Terry Pratchett is a British science fiction and fantasy writer most famous for his invention of the Discworld series, which has attracted a cult following. His writing style is thoughtful and witty and is almost always wrapped up in comedy and satire. Readers often say that his books have a distinct "British humor" flavor, and tend to explore a diverse range of themes.
As the creator of such characters as Commander Sam Vimes, a poor cop who leads a police force filled with dwarves, trolls, and the occasional werewolf; the Patrician, official ruler of Ankh-Morpork and overseer of its many social subsets like the Guild of Thieves and the Assassin' Guild; and Rincewind, a lowly drop-out from the Unseen University, a school of magic, most fans consider Terry Pratchett to be a literary treasure.
Apart from the expansive Discworld books, Terry Pratchett also authored the Bromeliad Trilogy and the Johnny Maxwell Trilogy and has also collaborated on various adaptations of his work, some of which have become plays, radio plays, video games, and also a comic book. The Wee Free Men, a Discworld novel, is set to be adapted into film by director Sam Raimi.
Although not quite as popular in the US as the other British fantasy export, JK Rowling, Terry Pratchett has nevertheless captured the imagination of a substantial number of readers. He has sold 50 million books world-wide and is the seventh most-read non-American writer in the US. He is also quite prolific; he puts out, on average, two books a year. His output amounts to over forty novels, and still counting.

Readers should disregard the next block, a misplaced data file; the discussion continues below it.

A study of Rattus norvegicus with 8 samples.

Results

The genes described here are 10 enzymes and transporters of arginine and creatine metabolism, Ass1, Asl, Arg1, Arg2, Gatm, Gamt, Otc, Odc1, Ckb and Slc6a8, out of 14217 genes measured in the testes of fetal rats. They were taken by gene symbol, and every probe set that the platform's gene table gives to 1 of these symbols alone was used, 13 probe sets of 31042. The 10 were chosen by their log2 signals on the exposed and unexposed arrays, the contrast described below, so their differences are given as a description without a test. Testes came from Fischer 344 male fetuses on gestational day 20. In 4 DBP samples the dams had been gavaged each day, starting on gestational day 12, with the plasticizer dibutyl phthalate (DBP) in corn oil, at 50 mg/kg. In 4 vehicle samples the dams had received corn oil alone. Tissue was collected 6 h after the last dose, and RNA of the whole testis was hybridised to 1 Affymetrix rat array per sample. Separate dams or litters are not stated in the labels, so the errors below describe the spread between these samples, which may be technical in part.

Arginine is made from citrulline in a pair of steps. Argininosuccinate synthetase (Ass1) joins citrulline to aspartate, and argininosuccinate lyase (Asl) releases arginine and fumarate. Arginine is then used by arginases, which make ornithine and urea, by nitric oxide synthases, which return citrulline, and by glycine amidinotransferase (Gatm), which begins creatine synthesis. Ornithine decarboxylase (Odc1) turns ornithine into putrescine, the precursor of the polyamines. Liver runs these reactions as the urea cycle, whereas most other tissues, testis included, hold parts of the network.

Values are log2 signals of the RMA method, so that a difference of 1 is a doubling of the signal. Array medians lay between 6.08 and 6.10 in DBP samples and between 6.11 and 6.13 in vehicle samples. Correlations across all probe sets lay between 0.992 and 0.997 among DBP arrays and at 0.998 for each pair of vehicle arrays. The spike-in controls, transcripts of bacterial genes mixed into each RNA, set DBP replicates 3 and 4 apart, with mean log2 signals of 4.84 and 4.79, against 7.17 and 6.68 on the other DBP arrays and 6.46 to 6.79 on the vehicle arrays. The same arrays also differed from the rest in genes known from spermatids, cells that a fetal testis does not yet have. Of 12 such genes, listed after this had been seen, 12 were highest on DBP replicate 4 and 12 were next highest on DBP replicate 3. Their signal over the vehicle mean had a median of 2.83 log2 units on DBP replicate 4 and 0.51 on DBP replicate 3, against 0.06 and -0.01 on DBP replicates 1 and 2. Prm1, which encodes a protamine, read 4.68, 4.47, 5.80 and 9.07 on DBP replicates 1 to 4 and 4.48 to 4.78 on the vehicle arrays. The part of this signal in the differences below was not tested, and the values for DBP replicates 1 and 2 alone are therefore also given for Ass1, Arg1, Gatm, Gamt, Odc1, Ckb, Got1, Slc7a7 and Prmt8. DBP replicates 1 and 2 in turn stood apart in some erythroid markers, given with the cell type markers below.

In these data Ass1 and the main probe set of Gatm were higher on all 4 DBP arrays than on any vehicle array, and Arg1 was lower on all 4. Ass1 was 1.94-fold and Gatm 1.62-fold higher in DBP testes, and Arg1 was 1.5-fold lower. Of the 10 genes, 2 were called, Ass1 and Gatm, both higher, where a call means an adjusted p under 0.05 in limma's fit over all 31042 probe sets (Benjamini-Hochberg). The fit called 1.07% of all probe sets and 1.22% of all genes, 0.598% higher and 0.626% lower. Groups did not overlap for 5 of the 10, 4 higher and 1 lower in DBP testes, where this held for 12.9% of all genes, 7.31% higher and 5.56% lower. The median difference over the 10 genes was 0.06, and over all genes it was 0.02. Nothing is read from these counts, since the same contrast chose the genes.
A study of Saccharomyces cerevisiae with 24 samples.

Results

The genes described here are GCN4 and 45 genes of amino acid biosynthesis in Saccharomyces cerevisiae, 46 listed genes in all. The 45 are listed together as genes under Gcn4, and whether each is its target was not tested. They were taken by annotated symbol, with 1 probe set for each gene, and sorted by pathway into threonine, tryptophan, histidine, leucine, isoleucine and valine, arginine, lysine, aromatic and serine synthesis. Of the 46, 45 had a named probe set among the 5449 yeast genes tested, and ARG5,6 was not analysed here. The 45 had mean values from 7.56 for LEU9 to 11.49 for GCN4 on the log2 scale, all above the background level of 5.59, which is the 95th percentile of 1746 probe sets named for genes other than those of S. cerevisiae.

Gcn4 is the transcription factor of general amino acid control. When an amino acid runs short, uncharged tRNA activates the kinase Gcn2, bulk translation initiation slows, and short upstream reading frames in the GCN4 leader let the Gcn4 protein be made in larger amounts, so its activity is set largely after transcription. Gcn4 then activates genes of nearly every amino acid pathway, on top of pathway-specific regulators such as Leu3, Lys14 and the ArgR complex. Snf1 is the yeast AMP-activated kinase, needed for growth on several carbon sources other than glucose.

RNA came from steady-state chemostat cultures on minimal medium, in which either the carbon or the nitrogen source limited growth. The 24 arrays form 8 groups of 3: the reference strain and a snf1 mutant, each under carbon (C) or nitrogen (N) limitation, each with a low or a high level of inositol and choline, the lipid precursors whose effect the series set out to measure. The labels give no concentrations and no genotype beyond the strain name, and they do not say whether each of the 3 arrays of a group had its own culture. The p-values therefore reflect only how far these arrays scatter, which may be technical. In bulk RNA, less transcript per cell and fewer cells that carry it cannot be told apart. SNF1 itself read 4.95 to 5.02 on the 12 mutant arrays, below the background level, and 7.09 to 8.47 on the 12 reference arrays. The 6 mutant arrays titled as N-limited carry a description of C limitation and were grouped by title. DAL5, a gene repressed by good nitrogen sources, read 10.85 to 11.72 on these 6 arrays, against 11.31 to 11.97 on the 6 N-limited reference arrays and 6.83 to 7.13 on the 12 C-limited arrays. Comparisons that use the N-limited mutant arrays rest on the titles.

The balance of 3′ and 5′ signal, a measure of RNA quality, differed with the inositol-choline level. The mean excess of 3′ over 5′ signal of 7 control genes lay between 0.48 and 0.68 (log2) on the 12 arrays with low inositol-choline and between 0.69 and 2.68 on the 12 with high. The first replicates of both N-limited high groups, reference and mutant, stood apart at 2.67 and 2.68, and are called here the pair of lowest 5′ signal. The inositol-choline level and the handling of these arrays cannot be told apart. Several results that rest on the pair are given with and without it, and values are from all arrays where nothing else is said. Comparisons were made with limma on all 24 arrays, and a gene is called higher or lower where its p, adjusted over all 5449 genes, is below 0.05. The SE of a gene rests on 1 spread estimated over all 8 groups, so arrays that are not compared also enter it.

Terry Pratchett was first published when he was 13, in a school magazine. At fifteen, he published the same story commercially. He left school early and did not go on to university; however, he did always receive high marks in English and also completed a short course in journalism. Also, he has been the recipient of many honorary degrees, including honorary doctorates from major British universities. He was made an Officer of the Order of the British Empire for contributions in Literature in 1998.